It could happen again

For the week of Nov. 21, 2016

 

It could happen again

 

By John Schlageck, Kansas Farm Bureau

 

For the farmers, ranchers and firefighters who live in Barber and Comanche counties, the possibility of another “living, breathing fire monster” is never far from their minds.

           

When they crawl into their pickups and head to town, many look back in the rear-view mirrors for signs of smoke. Nearly eight months after the fire, it’s dry, windy and residents of these two south-central Kansas counties believe it could happen again.

           

In case you’ve forgotten, back in late March and early April, nearly 500,000 acres of pasture and farmland burned in these two south-central Kansas counties. Fires roared out of control for nearly three weeks whipped by 40-50 mph winds.

           

Crowns from the grass were burnt to the roots and ranchers believe it may take years before the grass returns to the potential to feed cattle 100 percent.

           

While the fire caused tremendous damage and killed livestock, the life-giving rains that fell shortly after rejuvenated the grass and destroyed cedar trees.

           

“The grass greened up good,” says Dennis Rickie, Comanche County, who runs cattle and fought the fires. “In July and August we received some rains we normally don’t get but in August the water shut off.”

           

 Moisture conditions have continued to deteriorate and it’s dry as a bone in mid-November.

           

“As far as subsoil moisture – there isn’t any,” Rickie says. “I have to pour water in holes to drill fence posts. Four feet down, you can take an old hand post-hole digger and you can’t bring the dust out of the ground it’s so dry.”

 

Rickie figures he still needs to finish a couple miles of fence. Some of his neighbors aren’t as lucky and must fix several miles of burnt fence.

           

Since the fire moved through Barber and Comanche counties, most farmer stockmen are working double time – regular chores plus building fence and feeding stock. And while cattle continue to gain and do well, ranchers like Rickie supplement their early morning feeding with protein cubes.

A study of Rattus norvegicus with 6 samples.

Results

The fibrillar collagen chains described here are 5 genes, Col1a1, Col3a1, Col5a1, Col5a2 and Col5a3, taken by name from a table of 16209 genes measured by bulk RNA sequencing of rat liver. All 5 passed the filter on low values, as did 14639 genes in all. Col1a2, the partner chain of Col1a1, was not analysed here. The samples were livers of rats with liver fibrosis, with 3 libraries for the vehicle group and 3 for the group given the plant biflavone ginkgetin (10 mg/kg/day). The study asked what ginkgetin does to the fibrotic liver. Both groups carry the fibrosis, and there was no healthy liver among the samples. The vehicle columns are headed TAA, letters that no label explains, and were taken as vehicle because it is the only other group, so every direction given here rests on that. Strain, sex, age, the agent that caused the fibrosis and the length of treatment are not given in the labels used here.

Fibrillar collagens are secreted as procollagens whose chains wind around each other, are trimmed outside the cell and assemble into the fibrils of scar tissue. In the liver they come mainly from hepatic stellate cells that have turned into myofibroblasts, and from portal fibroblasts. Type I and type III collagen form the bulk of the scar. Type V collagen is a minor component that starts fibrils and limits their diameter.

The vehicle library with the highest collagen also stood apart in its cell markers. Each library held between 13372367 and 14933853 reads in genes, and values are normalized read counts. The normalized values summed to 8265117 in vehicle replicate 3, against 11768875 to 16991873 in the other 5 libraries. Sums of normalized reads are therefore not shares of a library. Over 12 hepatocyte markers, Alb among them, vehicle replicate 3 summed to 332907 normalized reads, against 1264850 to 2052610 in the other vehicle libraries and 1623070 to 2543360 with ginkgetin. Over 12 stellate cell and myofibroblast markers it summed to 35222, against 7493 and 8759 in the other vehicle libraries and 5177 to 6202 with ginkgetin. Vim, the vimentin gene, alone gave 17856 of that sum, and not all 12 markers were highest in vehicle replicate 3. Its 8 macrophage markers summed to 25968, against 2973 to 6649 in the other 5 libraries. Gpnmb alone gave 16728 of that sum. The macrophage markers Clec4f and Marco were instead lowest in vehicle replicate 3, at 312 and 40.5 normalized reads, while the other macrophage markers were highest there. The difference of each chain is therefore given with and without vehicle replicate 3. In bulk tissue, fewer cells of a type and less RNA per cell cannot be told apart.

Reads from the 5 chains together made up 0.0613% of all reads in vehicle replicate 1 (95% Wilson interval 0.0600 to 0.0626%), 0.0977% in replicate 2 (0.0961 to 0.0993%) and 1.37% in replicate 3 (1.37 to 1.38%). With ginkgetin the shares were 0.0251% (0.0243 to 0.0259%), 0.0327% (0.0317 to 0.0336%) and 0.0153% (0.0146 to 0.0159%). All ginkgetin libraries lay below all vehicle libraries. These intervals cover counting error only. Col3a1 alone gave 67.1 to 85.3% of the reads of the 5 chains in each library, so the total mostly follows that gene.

In some of his pastures spared by the fire, the Barber County cattleman feeds momma cows 20 percent cubes every other day.

           

This time of year, the grass dries up, Rickie explains. On his short pastures, he’s feeding stock big round bales too.

           

“I’ve got to finish rebuilding fence so I can move ‘em on to grass that hasn’t been grazed yet since the fire,” he says. “I’m worried we’re not out of this drought yet.”

           

Driving the back roads of the counties with Rickie, I saw some dry ponds. Evidence of what Rickie is talking about.

 

While his family cattle operation cut back on cattle numbers because of drought the last several years, he believes a “guy still has to be leery about restocking his herd.”

           

As the veteran cattleman ponders what tomorrow’s weather will bring, his thoughts return to the monster fire and all the help he and his neighbors received.

           

“It’s sort of mind blowing,” Rickie says. “While we fought the fire – loads of hay arrived from folks who knew our cattle needed food.”

           

Rickie says it wasn’t unusual to see a dozen semis, stacked high with hay, sitting waiting to be unloaded at daybreak. Friends, family, neighbors and others from miles around helped fix fence.

           

Help came from Nebraska and throughout the Midwest, he says.

           

“The support we received is overwhelming,” Rickie says clearing his throat. “We couldn’t have done it without them. Thanks to all.”

 

John Schlageck is a leading commentator on agriculture and rural Kansas. Born and raised on a diversified farm in northwestern Kansas, his writing reflects a lifetime of experience, knowledge and passion.